Six Years; Nine Books

Roughly six years ago to the day, my first novel was published. Which means that last year was the five-year anniversary and I probably should have celebrated somehow, but I didn’t. Oh, well.

So. Six years. Wow. In some ways, it seems like that’s been forever, like I can barely remember my life before that.

Here’s a very washed-out, overexposed picture of me at my very first signing, at Book Expo America in 2006, three or four months before that first book came out. And sometimes, yeah, it feels like forever, but then I look at that picture and it’s like… OK, so I have a little less hair now, and the scruff has migrated to my cheeks from my jaw. And that cellphone is comical. But…

There are days it feels like forever, and days it feels like no time at all. Most days I still feel like the new guy, and when young(er) authors approach me for advice or (laughably) wisdom, my first reaction is always, “Why the hell are you asking me? What do I know?”

In those six years, I’ve published nine novels. Two more will be out in the next few months. And there are a couple more beyond those that I’ve written that aren’t on the schedule yet.

Like time, word count is strangely subjective and elastic. There are days when those nine novels in six years feel like an accomplishment. And days when I feel as though I’ve been slacking, as though I could have done so much more in that time.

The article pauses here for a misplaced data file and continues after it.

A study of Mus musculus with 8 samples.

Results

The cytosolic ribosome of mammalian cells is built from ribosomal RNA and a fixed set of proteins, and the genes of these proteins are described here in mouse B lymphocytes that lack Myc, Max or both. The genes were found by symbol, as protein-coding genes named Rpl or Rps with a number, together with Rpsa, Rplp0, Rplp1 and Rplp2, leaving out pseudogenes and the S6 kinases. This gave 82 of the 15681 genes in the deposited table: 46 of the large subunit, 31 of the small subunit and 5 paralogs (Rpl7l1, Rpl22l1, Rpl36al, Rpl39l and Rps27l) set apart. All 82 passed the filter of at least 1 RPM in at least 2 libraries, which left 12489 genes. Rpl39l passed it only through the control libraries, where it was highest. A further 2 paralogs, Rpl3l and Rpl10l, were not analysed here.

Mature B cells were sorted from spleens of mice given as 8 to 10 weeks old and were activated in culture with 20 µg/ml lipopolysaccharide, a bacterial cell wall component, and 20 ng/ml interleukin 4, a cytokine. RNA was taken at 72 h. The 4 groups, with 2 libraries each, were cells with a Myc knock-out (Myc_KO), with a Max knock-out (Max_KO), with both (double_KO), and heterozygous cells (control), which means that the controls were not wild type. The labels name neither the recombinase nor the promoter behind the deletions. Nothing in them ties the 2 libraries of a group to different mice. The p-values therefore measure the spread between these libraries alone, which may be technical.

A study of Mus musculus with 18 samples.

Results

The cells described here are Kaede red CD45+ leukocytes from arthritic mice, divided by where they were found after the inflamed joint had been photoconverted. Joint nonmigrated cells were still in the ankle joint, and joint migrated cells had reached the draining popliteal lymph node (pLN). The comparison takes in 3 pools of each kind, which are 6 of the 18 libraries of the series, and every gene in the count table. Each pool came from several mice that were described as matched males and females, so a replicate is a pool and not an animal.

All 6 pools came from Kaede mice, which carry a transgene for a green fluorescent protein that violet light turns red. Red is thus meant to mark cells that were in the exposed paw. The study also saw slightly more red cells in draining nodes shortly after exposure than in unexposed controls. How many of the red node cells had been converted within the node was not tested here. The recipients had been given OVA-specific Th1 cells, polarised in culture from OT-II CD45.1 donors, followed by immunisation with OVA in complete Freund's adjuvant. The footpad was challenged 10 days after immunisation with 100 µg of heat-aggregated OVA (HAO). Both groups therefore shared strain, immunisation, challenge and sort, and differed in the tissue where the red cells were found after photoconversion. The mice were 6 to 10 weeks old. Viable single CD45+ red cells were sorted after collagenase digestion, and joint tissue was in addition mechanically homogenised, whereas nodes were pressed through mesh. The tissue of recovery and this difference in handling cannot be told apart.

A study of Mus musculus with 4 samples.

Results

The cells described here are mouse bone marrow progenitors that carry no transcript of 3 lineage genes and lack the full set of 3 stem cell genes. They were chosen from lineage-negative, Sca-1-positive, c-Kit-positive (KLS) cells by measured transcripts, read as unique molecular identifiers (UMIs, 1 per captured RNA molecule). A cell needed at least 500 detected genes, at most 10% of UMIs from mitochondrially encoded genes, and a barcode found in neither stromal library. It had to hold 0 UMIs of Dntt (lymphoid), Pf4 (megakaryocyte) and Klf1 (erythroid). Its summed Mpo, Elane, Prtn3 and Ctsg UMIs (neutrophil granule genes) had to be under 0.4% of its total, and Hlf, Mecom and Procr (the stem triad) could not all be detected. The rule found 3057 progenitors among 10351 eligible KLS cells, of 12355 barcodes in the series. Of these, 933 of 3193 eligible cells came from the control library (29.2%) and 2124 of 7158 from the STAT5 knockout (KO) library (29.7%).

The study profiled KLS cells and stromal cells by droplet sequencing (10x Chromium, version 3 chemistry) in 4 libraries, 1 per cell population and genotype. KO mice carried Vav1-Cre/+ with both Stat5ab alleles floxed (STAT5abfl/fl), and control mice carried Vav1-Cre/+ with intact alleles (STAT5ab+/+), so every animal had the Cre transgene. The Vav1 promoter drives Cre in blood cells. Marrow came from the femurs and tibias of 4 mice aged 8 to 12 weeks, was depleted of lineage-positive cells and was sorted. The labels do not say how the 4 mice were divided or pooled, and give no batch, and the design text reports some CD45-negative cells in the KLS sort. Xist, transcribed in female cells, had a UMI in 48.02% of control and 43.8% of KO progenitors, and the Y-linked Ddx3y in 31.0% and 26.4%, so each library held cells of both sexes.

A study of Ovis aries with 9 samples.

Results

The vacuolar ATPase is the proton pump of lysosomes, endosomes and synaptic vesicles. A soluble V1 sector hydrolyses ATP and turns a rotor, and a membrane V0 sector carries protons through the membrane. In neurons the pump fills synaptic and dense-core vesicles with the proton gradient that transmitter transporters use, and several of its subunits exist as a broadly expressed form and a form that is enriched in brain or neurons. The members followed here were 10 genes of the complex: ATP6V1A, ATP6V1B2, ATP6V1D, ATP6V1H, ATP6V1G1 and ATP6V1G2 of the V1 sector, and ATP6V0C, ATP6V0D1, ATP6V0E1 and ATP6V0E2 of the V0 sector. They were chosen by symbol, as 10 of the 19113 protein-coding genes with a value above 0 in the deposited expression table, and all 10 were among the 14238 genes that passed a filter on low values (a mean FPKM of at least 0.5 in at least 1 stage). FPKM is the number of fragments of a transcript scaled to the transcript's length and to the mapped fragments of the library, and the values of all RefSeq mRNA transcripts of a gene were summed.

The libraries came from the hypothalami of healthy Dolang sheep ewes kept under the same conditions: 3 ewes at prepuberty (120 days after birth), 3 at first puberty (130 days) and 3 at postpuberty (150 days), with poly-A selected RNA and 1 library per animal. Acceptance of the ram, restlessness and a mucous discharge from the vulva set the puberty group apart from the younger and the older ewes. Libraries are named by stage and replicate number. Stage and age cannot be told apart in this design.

Objectively, though, nine books in six years is more than most who’ve been writing that long. Heck, it’s more than some who’ve been writing much, much longer.

Not that we’re keeping score. And even if we were keeping score, I’m pretty sure the ratio of books-to-years isn’t a fair or even sensible metric.

After all, there are certainly authors with fewer books who have higher sales, better reviews, more Twitter followers — whatever scale we want to use to define success. (And that topic is a BLog post in and of itself, someday…)

If I’ve learned anything in the past six years, it’s that “success” is an indistinct, slippery, chimerical thing. Maybe it’s like pornography, and we know it when we see it.

Me? I’ve been at this for a while and I feel like I still haven’t broken out. (“Breaking out” is a sort of nebulous term that publishers and agents throw around. It’s when you go from being obscure to less obscure, to some ill-defined degree.) Each book still feels like a risky step. Each book feels like it almost makes it, but falls short in some elusive, undefinable fashion. And that’s no one’s fault but my own. My name is the one constant in all of those books.

But in a way, that’s comforting. I like that there’s wide-open territory ahead of me. I like the thought that the future is possible. I like thinking that maybe — just maybe — my best work is still ahead, waiting for me to catch up to it.